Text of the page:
The researcher, Prof. Daniel Rosenfeld, was one of a group of scientists that included also participants from Germany, Sweden and Brazil who conducted measurements of smoke from forest fires and its impact on the development of clouds and precipitation in the Amazon tropical rainforests of Brazil. The results of their research appear in the Feb. 27 issue of the journal Science.
They showed that smoke from these fires delays the release of water from clouds in the form of rain, thus preventing depletion of the water in the clouds as they grow. As these water-laden clouds reach great heights, they produce thunderstorms and hail instead of relatively moderate rain.
The research group, funded by the European Union and headed by Prof. Meinrat O. Andreae from the Max Planck Institute of Atmospheric Chemistry in Mainz, Germany, measured the capability of the smoke particles to produce cloud droplets. Prof. Rosenfeld, of the Institute of Earth Sciences at the Hebrew University, penetrated the smoky clouds with a research aircraft and measured the way the smoke affected their composition and precipitation-forming processes.
The measurements show that the small and numerous smoke particles provide "nucleation sites" for cloud droplets, the result being that the given amount of cloud water is distributed into a large number of very small drops. These drops are so small that they float with the air and do not coalesce into raindrops, in contrast to the raindrop- forming process that takes place in clouds with larger drops that form in clean air.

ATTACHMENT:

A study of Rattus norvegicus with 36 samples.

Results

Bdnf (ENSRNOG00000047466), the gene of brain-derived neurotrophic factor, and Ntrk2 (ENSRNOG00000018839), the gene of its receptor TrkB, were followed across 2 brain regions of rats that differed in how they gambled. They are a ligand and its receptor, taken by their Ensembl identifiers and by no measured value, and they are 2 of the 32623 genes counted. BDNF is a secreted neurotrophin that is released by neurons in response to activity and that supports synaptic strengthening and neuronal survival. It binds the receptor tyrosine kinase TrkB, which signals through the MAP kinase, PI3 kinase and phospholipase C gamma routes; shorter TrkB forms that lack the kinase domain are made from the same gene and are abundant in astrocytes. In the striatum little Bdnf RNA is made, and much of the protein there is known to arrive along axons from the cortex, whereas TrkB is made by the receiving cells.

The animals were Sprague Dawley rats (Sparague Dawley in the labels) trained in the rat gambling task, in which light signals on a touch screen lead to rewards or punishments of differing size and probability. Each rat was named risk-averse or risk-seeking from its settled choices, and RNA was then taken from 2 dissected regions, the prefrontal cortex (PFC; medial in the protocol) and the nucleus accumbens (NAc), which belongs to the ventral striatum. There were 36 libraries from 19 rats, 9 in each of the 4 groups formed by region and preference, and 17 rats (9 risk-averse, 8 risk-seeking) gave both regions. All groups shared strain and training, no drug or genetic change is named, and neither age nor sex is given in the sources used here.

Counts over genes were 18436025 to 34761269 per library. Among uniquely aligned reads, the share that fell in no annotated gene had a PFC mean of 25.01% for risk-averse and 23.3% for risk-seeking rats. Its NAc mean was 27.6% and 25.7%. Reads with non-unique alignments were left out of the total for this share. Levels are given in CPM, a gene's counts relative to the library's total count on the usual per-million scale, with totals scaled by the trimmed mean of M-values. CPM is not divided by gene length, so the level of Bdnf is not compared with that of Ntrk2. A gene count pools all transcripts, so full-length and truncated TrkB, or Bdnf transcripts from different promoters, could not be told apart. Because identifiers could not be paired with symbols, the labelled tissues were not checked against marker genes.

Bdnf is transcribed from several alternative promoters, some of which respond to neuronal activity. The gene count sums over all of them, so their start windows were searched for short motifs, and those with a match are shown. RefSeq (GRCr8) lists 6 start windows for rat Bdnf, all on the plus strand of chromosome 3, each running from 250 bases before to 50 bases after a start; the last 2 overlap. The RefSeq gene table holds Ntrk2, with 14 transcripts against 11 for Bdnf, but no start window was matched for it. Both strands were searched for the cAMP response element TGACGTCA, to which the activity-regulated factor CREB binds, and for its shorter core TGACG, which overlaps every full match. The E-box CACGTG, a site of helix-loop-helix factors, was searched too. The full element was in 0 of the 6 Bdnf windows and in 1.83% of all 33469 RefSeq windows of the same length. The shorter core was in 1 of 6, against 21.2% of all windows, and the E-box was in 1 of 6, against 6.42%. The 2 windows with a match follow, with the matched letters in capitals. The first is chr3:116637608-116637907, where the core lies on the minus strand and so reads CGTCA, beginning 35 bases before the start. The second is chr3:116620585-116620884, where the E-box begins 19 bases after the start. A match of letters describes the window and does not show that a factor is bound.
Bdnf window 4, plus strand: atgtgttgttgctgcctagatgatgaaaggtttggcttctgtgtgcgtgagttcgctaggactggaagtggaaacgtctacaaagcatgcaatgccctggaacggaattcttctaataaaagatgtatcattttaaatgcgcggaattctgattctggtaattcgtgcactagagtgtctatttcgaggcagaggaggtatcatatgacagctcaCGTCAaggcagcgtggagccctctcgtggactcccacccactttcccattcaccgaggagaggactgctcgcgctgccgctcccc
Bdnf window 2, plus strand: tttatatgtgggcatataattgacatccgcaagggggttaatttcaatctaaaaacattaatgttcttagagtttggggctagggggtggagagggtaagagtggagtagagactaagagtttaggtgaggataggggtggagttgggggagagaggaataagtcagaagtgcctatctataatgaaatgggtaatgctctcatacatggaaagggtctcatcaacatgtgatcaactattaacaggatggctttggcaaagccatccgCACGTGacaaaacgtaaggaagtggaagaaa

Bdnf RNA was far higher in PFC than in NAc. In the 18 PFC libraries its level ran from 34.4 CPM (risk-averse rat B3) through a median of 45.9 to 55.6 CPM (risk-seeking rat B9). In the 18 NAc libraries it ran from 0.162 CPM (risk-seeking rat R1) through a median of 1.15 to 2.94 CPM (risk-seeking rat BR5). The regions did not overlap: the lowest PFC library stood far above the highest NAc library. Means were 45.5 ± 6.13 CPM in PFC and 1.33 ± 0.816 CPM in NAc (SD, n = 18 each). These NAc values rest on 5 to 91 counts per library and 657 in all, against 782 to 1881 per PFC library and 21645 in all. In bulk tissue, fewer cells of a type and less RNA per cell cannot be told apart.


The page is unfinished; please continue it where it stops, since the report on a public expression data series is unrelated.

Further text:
This effect of smoke on precipitation suppression has been documented in previous research by Prof. Rosenfeld. The new findings show that when the smoky and water- laden clouds develop to great heights, in excess of 10 kilometers, these large amounts of water are also lofted and converted into ice chunks, which fall as large hailstones on the tropical rainforest. The process of hail forming is also associated with strong cloud electrification, which causes intense thunderstorms. Most of the hailstones melt during their fall, so that they arrive on the surface as spurts of intense rain.
Such impacts of air pollution are not limited to the tropical rainforests. Air pollution in general appears to change substantially the character of precipitation. This man-made climate change is already manifested by changes in the distribution of rainfall and the intensity of storms, not only over the Amazon but also over the rest of the world, says Prof. Rosenfeld, who is continuing his work as a leading researcher in this field.